A month has passed since Jinder Mahal abruptly and unexpectedly became the No. 1 contender to the SmackDown WWE Championship. With the big match now only several days away, the question which has become more present with each passing week is whether WWE is really going to go all the way and have Mahal take the title off Randy Orton.
While this is a natural question with any championship match, it’s an especially intriguing one in this case. After all, it is not as if Mahal found himself in this spot after a long trek to the top. A little over a month ago, you were at the bottom of the barrel if you were examining Mahal’s run in WWE. Only a step above the series of jobbers WWE brought in to be squashed by Braun Strowman last year, Mahal at least had a full-time contract.
Clearly WWE has specific plans in mind for Mahal, and there was a big rush to get them going. It is no secret WWE has intentions of business growth in India this year, which has obviously drawn connections to Mahal’s sudden push.
While Mahal is a native of Canada, he is of Indian descent, making him the first Indian WWE performer of note since The Great Khali. And if you’re going for business growth in a foreign market, the tried-and-true method of having a prominent figure to represent said market is familiar with everyone. The Singh Brothers, formerly The Bollywood Boyz, being uplifted as Mahal’s cronies is another move which is not considered mere coincidence in this regard.
The significance of the concern rests in the fact Mahal’s push was so out of leftfield. And it is not as if Mahal was a mainstay of the midcard who was handed a big opportunity to finally take the next step. Again, Mahal came from the deepest depths of the roster.
Now in only a few days, Mahal will get a shot at the WWE Championship, a title many think he has a very real shot of winning. That booking decision would technically make him the face of the SmackDown brand, and one of the two top guys in all of WWE. Imagine that.
His odds of winning seem to increase precisely because his main event thrust was so abrupt. If Mahal had been slowly pushed over an extended period of time like most any other WWE performer, most would not pick him to win his first WWE Championship opportunity. But if he is not slated to win, why the great big push? What was the point?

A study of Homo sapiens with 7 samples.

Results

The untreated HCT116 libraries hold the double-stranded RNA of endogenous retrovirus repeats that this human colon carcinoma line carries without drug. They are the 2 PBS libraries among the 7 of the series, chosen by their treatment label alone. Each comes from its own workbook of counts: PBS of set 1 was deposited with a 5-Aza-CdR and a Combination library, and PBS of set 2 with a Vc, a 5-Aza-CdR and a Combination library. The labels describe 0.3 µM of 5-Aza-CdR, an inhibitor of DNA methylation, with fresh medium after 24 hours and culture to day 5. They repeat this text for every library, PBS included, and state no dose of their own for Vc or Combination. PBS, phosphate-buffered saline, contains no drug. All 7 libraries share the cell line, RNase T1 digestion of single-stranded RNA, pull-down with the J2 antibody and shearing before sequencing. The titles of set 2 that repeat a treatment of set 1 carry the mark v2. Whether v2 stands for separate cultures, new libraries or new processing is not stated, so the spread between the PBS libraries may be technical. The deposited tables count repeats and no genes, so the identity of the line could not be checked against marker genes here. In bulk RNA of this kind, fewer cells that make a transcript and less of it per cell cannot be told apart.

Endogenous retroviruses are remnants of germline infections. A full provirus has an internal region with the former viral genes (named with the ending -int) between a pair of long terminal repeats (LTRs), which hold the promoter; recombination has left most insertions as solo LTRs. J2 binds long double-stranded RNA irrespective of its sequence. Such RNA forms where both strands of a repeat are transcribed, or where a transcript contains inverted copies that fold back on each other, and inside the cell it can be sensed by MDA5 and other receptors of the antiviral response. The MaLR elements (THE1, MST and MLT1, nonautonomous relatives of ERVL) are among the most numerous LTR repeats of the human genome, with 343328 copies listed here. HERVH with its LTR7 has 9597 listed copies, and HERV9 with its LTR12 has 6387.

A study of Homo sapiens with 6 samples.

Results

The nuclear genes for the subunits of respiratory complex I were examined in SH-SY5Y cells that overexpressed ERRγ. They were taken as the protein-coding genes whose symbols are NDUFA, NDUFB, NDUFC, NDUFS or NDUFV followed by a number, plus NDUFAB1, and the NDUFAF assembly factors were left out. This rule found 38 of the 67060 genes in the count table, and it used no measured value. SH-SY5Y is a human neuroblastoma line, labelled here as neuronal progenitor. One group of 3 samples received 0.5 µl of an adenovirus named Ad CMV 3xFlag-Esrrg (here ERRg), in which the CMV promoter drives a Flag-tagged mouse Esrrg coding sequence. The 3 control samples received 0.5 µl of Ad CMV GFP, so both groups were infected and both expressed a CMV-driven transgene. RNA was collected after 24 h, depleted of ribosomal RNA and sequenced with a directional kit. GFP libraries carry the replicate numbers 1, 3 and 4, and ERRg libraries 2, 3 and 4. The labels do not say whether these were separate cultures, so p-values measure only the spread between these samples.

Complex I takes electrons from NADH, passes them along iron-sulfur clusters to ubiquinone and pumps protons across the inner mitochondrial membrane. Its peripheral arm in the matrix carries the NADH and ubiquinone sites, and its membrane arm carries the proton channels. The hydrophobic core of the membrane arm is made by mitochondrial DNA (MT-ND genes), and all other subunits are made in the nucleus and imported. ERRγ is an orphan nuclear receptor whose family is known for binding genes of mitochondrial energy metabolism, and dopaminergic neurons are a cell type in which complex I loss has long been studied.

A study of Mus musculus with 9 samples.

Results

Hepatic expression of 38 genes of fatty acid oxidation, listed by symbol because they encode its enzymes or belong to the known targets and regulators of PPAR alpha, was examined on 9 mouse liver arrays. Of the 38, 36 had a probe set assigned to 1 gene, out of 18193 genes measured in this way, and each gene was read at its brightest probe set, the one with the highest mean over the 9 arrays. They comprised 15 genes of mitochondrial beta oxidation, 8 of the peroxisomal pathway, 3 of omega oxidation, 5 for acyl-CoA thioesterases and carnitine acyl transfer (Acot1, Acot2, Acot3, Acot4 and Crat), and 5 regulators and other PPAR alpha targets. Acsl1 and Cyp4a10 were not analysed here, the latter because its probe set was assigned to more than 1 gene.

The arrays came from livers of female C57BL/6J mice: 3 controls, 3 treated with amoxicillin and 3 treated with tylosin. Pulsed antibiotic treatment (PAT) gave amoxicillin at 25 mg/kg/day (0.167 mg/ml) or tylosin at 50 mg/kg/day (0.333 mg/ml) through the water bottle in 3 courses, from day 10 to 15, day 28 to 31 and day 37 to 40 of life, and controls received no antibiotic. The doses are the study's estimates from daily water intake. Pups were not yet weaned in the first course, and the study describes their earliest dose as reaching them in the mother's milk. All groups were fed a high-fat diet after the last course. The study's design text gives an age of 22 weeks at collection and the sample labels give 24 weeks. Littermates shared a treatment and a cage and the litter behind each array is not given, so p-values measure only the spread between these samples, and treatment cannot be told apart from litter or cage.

Of course, the possibility is there that Mahal loses in some controversial fashion at Backlash, or the match ends in a way where the title does not change hands, setting up another match down the road to extend the story. But the principle would remain the same, despite the delay. Mahal’s recent push seemingly becomes pointless without him winning the title.
That is the issue, though. All of this seems pointless without Mahal winning the title, but Mahal becoming the new champion is rife with problems. This is the same championship AJ Styles and John Cena spent the last third of 2016 elevating with their fantastic feud, making it the most prestigious belt in WWE by far. The same championship with lineage that goes through the decades back to Bruno Sammartino. Sure, Bray Wyatt and Orton dampened that prestige with their feud that crashed and burned at the end, but at least Orton is holding it now and his name carries weight on its own given his extensive WWE career.
Now, you want to put that title on Mahal? The same guy who was a complete WWE jobber two months ago? Who struggled to even appear on weekly WWE television? And whose routine opponents consisted of such touted names as Jack Swagger, Curtis Axel, Sin Cara, and Darren Young?
Fans can accept that the Orton-Wyatt feud fell apart at the end and ultimately hurt the championship, but the idea should then be to work on recovering it. Putting the title on Mahal, with the objective reality of his WWE career until very recently, is difficult to be qualified as anything else other than an enormous burial of the WWE Championship.
The unfortunate truth is fans probably should not be surprised to see Mahal as new champion by the end of Sunday. If not Sunday, then sometime in the next few months, which changes nothing in terms of the issue at hand. Because WWE has booked itself into a corner where the only logical result is Mahal eventually getting the big title victory.
Not only is Mahal clearly not anywhere near the same level of talent as his fellow main-eventers both with his in-ring abilities and his character work, but it strongly comes off like these moves are more about a cash grab in India by WWE than anything else, regardless of the harm it does to the product in terms of quality. And bar the slim chance of WWE just dropping the whole program altogether and moving on like nothing happened, it has gone too far to turn back now.